Justice charges men as unregistered agents for Pakistan

The Justice Department charged two individuals Tuesday with acting as unregistered foreign agents for Pakistan.

Syed Ghulam Nabi Fai and Zaheer Ahmad are charged in a one-count criminal complaint alleging that they violated the Foreign Agents Registration Act (FARA) by not registering their lobbying work on behalf of the Pakistani government. 


The Justice Department alleges that the group funneled money from Pakistan's Inter-Services Intelligence agency in order to further Pakistan's interests and unite Kashmir. 

Fai repeatedly denied being a foreign agent for Pakistan in interviews with FBI agents and a letter to the Justice Department. 

Fai was arrested Tuesday morning, while Ahmad is believed to be in Pakistan, according to Justice. If convicted, they could face up to five years in prison or fines of up to $10,000.

"FARA is designed to ensure that the U.S. government and American public know the underlying source of information and identity of persons attempting to influence U.S. policy and laws. The defendants are accused of thwarting this process by concealing the fact that a foreign government was funding and directing their lobbying and public relations efforts in America," said Lisa Monaco, assistant attorney general for national security, in a statement.

Fai — described as a Fairfax, Va., resident by Justice — has donated $28,290 since 1990, according to the Center for Responsive Politics.

Some notable recipients included the Democratic Senatorial Campaign Committee, the National Republican Senatorial Committee, President Obama's 2008 presidential campaign and former Vice President Al Gore's 2000 presidential campaign.

The lawmaker to whom Fai donated the most, Rep. Dan Burton (R-Ind.), received a total of $10,290 from him.

No evidence has been found that shows any of the donor recipients knew the money allegedly came from the Pakistani government. 

Fai and the Kashmiri American Council are estimated to have received more than $4 million since the mid-1990s from the Pakistani government, according to Justice's affidavit.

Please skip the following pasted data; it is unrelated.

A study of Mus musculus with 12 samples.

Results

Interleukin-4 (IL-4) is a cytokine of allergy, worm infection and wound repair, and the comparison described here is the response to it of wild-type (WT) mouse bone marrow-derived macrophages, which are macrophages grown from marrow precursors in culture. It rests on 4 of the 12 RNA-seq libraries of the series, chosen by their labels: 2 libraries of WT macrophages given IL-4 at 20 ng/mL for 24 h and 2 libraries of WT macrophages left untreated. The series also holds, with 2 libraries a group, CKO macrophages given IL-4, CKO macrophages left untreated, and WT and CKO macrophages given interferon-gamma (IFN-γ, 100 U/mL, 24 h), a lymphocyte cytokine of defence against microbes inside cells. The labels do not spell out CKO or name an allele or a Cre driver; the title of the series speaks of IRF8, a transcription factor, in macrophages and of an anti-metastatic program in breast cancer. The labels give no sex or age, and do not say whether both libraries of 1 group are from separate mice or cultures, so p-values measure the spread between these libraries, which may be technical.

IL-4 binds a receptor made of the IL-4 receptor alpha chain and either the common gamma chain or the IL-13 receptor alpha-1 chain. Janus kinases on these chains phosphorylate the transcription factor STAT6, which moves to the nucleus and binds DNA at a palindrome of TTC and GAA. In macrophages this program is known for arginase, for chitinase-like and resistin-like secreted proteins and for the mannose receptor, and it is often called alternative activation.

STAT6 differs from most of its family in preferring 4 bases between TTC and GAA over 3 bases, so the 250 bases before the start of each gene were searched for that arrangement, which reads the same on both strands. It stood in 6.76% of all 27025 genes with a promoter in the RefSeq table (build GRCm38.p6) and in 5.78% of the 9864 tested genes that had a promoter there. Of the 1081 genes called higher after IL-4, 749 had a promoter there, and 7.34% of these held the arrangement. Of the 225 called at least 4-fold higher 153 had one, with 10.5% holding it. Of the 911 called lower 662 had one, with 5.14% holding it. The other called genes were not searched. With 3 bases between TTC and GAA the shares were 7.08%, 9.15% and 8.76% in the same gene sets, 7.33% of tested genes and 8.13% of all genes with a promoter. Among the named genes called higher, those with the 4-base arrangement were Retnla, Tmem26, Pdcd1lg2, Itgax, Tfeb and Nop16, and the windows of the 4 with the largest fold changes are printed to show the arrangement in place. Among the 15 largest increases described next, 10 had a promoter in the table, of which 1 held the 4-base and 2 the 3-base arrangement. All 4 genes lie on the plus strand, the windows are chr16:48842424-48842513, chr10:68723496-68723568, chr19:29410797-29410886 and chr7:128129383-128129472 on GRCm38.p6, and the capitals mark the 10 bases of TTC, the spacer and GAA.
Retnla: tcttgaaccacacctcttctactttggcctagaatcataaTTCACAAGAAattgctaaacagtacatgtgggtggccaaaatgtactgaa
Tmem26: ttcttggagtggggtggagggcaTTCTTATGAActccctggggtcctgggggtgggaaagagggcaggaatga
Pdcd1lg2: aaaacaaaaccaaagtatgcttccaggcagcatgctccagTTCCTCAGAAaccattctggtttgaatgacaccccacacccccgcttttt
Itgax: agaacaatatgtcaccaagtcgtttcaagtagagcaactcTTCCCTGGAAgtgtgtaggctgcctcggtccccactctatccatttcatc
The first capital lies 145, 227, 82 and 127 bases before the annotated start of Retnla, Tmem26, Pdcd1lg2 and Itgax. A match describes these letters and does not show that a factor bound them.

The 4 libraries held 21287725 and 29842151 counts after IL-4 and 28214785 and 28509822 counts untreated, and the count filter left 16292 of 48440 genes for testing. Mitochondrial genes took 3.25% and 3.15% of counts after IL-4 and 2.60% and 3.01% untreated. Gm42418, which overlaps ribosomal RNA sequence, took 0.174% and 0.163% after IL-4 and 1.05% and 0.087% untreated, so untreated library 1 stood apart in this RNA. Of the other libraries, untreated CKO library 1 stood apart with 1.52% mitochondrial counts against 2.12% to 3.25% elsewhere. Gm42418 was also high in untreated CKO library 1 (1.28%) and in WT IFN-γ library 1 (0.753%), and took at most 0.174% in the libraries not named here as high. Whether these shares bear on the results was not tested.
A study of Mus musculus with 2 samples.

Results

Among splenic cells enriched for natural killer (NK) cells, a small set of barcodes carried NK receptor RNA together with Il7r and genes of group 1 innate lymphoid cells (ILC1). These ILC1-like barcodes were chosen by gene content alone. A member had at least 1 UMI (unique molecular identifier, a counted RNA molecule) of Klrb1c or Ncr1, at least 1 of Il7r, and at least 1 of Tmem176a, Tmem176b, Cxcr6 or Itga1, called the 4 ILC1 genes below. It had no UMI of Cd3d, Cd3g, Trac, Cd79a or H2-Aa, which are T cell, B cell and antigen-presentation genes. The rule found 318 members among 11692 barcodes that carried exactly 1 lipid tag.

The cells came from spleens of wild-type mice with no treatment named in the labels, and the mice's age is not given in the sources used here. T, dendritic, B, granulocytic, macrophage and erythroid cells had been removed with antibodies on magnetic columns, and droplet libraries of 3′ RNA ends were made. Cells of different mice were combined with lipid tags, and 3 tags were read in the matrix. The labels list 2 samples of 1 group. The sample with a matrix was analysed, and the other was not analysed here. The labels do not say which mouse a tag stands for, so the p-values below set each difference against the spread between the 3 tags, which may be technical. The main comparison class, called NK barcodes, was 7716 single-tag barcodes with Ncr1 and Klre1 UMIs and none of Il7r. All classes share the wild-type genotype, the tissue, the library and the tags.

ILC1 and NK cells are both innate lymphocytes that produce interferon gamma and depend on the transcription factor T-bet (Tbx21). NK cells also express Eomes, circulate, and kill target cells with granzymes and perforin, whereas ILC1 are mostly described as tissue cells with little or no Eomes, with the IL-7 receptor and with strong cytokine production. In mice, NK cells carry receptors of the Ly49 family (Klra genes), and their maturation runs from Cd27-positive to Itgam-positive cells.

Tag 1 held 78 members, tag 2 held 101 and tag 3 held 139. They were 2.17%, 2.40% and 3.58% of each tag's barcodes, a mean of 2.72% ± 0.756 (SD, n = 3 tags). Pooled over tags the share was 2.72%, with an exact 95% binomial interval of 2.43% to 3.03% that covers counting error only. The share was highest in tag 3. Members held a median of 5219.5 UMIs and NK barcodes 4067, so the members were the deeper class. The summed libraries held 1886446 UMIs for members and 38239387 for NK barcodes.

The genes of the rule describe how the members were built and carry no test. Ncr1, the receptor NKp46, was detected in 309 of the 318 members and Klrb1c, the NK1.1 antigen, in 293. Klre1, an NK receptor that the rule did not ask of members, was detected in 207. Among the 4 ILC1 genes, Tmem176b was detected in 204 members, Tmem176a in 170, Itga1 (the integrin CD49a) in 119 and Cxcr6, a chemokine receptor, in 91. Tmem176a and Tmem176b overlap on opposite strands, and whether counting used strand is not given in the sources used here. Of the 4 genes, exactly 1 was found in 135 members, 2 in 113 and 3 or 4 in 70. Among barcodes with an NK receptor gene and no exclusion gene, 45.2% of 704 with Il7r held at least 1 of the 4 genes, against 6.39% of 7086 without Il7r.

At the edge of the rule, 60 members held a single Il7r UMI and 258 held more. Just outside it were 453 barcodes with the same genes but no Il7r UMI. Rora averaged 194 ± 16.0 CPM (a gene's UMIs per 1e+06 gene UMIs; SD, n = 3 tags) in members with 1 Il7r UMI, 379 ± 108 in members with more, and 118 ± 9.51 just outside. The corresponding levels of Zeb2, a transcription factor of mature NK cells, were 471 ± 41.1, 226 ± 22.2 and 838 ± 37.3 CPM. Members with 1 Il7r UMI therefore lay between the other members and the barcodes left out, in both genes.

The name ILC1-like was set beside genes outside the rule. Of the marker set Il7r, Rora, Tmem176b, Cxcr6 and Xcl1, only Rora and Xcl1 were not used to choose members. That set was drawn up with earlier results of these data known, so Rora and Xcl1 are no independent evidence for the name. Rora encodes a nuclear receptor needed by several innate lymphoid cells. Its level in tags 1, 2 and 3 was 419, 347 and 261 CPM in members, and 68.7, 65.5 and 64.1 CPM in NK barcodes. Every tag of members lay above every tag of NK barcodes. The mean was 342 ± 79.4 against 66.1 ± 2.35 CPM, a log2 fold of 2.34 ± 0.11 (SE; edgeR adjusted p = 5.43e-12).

Documents obtained by the FBI in the course of the investigation show that the Council’s goal was to influence U.S. government policy. In 2000, a strategy memo for the group stated its two top objectives included “(1) persuade the administration that self-determination in Kashmir would advance the national interests of the United States [and] (2) influence Congress, with the House International Relations and the Senate Foreign Relations Committees being the centerpieces of KACs advocacy effort.”

A similar memo emailed between Fai and one of his handlers in the Pakistani government summed up his lobbying in 2007. Fai listed 33 meetings with lawmakers, congressional aides and officials in the White House and the State Department, according to the affidavit.

According to documents obtained by Justice, Fai asked his Pakistani government handlers for $100,000 to donate to lawmakers' campaigns as well as another $100,000 to set up a forum on Kashmir “to be hosted by members of Congress.” Fai’s handler told him he could have an increase, “but not as deasired [sic].”

Pakistan's government said it had no knowledge regarding the case. 

“Mr. Fai is not a Pakistani citizen and the government and embassy of Pakistan have no knowledge of the case involving him,” said a spokesman for the Pakistani embassy. 

Messages left by The Hill for Fai were not returned for this article.


—This story was updated at 3:43 p.m.